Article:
By Clare Matheson
Business reporter, BBC News
New discrimination laws could mean a new weapon in the arsenal of employees hoping to take action against their companies.
Throw enough mud and some should stick, experts believe
From October, workers will be able to claim unfair dismissal on the grounds of age bias.
Experts say the change in the law comes at a time when workers are increasingly relying on a scattergun approach to discrimination tribunals.
Their hope is that if they make a number of different allegations, at least one will stick.
"Under new laws, we expect [age-related] claims to manifest themselves with others. It will be another bullet companies have got to dodge," says Michael Farrier, employment law specialist at Boyes Turner.
"I think we'll see age quickly become a key incidental claim, probably alongside disability."
Rush of cases?
In the Irish Republic, where ageism laws came into force in 2004, one-fifth of discrimination claims now have an age element to them.
As a result, UK government figures predict ageism laws will lead to an extra 8,000 cases - in other words, a 10% rise in the number of discrimination claims.
"I think there could be a flood of claims. The thing about age is, everybody's got one," Sam Mercer director of the Employers' Forum on Age (EFA) adds.
As far as the law is concerned, the changes are aimed at bringing the UK into line with European Union laws.
Four key areas will be addressed: the recruitment process, benefits (for example, long-service holidays), limits to career progression based on age and enforced retirement.
Recruitment groups FSS and Crone Corkill underline the point in a mock tribunal they have set up to educate employers about discrimination and the upcoming ageism laws.
The claimant, "Edna Clunge", has taken her company to court for unfair dismissal on age, sex and disability grounds.
The new laws aren't limited to older workers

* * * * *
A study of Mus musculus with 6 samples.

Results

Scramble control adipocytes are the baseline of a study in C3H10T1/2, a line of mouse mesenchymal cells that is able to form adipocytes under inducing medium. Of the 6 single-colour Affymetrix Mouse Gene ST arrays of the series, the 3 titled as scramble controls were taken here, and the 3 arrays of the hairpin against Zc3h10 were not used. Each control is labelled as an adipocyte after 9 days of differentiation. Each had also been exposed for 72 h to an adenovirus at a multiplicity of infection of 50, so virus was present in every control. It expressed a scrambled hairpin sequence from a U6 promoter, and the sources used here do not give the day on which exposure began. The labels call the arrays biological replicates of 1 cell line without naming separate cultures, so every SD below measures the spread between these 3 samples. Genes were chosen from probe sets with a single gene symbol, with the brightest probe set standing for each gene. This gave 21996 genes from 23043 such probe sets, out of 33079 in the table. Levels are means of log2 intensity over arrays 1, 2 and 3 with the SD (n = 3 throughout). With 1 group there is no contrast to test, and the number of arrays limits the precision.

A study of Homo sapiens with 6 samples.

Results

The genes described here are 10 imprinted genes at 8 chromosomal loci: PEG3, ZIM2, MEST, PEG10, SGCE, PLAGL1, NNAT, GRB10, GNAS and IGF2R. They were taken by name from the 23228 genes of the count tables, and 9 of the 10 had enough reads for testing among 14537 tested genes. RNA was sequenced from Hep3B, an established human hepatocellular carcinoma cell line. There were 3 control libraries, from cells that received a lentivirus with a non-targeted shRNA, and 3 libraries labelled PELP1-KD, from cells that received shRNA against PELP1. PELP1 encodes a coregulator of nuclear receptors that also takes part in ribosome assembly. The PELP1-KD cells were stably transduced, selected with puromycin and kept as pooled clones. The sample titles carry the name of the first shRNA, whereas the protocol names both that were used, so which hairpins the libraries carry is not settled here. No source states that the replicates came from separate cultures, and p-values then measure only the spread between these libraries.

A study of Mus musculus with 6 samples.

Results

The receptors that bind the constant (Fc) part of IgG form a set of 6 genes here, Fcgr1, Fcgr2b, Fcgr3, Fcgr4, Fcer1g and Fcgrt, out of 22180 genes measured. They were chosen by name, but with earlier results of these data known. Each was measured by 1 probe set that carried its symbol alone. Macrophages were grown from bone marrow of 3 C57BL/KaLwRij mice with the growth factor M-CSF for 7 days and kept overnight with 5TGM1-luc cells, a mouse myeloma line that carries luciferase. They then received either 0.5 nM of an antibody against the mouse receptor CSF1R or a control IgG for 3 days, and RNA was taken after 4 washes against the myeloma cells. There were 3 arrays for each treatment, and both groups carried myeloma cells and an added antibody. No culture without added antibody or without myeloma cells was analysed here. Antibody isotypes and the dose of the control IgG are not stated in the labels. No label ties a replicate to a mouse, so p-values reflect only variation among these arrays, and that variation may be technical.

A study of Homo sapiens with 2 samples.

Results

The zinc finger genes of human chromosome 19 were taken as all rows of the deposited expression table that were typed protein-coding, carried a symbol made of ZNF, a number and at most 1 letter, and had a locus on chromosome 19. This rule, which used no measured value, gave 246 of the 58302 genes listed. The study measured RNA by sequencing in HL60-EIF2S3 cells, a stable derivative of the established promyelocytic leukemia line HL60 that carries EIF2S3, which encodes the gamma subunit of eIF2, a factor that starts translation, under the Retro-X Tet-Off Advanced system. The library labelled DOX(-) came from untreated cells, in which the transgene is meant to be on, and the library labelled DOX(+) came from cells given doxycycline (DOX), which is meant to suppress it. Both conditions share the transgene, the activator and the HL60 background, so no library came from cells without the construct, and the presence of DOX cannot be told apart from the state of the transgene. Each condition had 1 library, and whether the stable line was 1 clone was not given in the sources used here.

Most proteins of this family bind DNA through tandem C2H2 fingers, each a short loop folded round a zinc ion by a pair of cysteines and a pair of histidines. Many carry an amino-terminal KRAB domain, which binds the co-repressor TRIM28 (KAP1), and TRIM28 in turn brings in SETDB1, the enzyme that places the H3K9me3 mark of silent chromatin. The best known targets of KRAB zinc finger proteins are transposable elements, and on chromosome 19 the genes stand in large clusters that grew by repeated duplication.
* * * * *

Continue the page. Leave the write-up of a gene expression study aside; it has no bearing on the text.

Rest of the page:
The only woman and youngest engineer at her firm, she says she has suffered unwanted advances from her boss and e-mails about "football, farting and beer", while little allowance is made for the fact that she suffers from depression.
While the subject matter - including a long debate over whether her boss said "I have the hots for you" or "that's a hot vindaloo" - prompts laughter, it teaches some serious lessons.
For example, it calls into question the culture allowed to develop at work. "Laddish" e-mails and a "boys' club atmosphere" could provide cause for a sex discrimination claim.
Young versus old
It also brings into question the common perception that older workers will mount challenges.
Some commentators believe younger people, part of the so-called "Me Me Me Generation", will begin legal action under the new laws.
They point to social statistics showing that younger people are more savvy about their rights - and know how to use them to get as much money as possible.
However, Mr Farrier does not believe that is the case.
"I would expect more older people to take action, as the ageing demographic means there will be a sea-change in 25 years, so I expect older folk to know more about their rights."
"Younger people are less likely to claim. But then when the claims bracket was raised to £50,000, more claims were brought by middle managers, as their losses made it worth having a go."
For her part, Ms Mercer of the EFA predicts "interesting times ahead".
"I think in the recruitment scenario, there are some people who are very angry and very articulate who are being frustrated in their attempt to get back to work."
"They're going to have the time and incentive to go after employers," she adds.
The recruitment groups' exercise also teaches that firms will have to take a close look at their working practices.
"First of all, there will be changes to policy. Procedure regarding equal opportunities, retirement, job specs and descriptions will need any age bias removing," says recruitment expert Paul Marsh, head of training and HR at FSS and Crone Corkill.
Firms will have to have good records to protect against claims
"People are starting to realise how far-reaching the changes will be," Mr Farrier adds.
"There's a lot of uncertainty about the changes. Usually it's black-and-white. For example, when sexual orientation came in, you could understand precisely what was expected.
"The impact will be far more dramatic in social terms and far more diverse in the thinking of companies - they won't be able to move without justification."
Firms will have to have good records and policies and be transparent about their procedures, he says.
"In the short term, it will be a big burden for employers to get their heads around," says senior CBI policy adviser Richard Wainer.
"Companies are going to face problems planning ahead as tribunals are going to go on a case-by-case basis, so we don't know how tough tribunals are going to be," he adds.
Even Edna's case serves to illustrate the caution surrounding the new laws.
While she attacked on three fronts, only one claim was successful.
Her claim failed on age grounds - a surprising result at an event designed to promote ageism awareness - but won on the far more clear-cut criterion of sexism.
But the mock event also served to show that if enough allegations are thrown at a company, at least one is likely to hit home.